11th February 2022 - 3 min read
The Securities And Exchange Commission of the United States (US SEC) has charged robo advisor Wahed Invest for multiple violations. These include making misleading statements, breaching its fiduciary duty, and failing to comply with written policies and procedures related to its shariah advisory business.
In detailing its charges, the US SEC said that the New York-based Wahed Invest had advertised the existence of its own proprietary funds when such funds do not exist. According to the litigation document, it clarified that the robo advisor had posted about the existence of two non-existent funds – the Wahed S&P Shariah Fund and the Wahed S&P Dividend Growth Fund – in its social media sometime between 2018 to 2019.
Additionally, the US SEC said that although Wahed Invest had promised investors to periodically rebalance their advisory accounts, it did not do so.
“The SEC’s order further finds that when Wahed Invest ultimately launched a proprietary exchange-traded fund (ETF) in July 2019, it used its clients’ advisory asset to seed the ETF without prior disclosure to clients of any conflicts of interest,” the commission noted. The ETF in reference is the Wahed FTSE USA Shariah ETF (HLAL), which is also offered to its Malaysian investors.
On top of these charges, the US SEC remarked that the robo advisor also failed to adopt and implement written policies and procedures that would assure shariah compliance on an ongoing basis. In its marketing materials and website, Wahed Invest had projected itself as an investment company that is compliant with Islamic laws, placing emphasis on its income purification process.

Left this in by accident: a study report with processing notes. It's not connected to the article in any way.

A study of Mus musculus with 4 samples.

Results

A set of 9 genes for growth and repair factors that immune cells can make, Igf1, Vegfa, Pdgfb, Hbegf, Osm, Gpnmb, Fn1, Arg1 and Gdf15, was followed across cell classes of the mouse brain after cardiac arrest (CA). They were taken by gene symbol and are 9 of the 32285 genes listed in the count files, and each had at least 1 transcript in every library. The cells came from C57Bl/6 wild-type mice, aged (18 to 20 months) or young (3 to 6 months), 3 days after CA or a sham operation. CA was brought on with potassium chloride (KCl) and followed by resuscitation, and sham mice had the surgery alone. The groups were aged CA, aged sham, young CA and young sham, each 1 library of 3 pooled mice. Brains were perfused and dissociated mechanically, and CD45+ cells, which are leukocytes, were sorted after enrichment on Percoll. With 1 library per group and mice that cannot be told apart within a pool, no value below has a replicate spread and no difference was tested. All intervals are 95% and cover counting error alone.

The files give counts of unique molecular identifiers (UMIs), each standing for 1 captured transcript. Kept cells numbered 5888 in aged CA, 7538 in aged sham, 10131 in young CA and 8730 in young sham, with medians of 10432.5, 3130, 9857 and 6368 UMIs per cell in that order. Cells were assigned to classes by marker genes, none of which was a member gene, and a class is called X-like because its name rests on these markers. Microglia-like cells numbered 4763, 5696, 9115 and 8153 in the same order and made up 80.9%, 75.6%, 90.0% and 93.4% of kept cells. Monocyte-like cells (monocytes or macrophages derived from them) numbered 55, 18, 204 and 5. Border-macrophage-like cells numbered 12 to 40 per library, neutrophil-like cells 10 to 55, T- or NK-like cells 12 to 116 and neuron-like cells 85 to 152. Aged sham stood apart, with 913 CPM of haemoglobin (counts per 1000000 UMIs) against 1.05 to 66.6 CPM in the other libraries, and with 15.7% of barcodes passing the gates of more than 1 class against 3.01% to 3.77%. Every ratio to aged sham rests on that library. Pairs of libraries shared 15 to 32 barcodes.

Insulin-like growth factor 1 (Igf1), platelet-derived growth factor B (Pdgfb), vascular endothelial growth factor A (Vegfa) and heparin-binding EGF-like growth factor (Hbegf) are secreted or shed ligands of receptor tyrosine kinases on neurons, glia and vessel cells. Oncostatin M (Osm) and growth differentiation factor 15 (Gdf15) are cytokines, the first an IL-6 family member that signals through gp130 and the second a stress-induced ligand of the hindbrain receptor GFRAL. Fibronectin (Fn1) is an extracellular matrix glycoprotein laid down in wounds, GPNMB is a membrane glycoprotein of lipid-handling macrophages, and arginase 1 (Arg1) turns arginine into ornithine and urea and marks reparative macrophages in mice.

The co-chief of the SEC Enforcement Division’s Asset Management Unit, Adam S. Aderton stressed that robo advisors – like any other advisors – must ensure the accuracy of their marketing materials, and disclose conflicts to their investors. “Registered investment advisors like Wahed Invest must also adopt and implement written policies and procedures reasonably designed to prevent the advisor from deviating from its claimed investment process,” he said.
In response, Wahed Invest agreed to a cease-and-desist order, to pay a penalty of US$300,000, and to retain an independent compliance consultant among other undertakings.
Locally, the senior vice president of the Business Operations team for Wahed Malaysia, Syakir Hashim responded to the incident by stressing that the charges were only relevant to Wahed Invest in the US. Other Wahed branches operating in other countries – such as in Malaysia – are not implicated. He also explained that Wahed Malaysia has its own shariah advisor that ensures its compliance to shariah laws.
Wahed Malaysia is one of the eight digital investment managers that have been approved by Securities Commission Malaysia (SC), obtaining its licence in 2019. It is the first shariah-compliant robo advisor in Malaysia.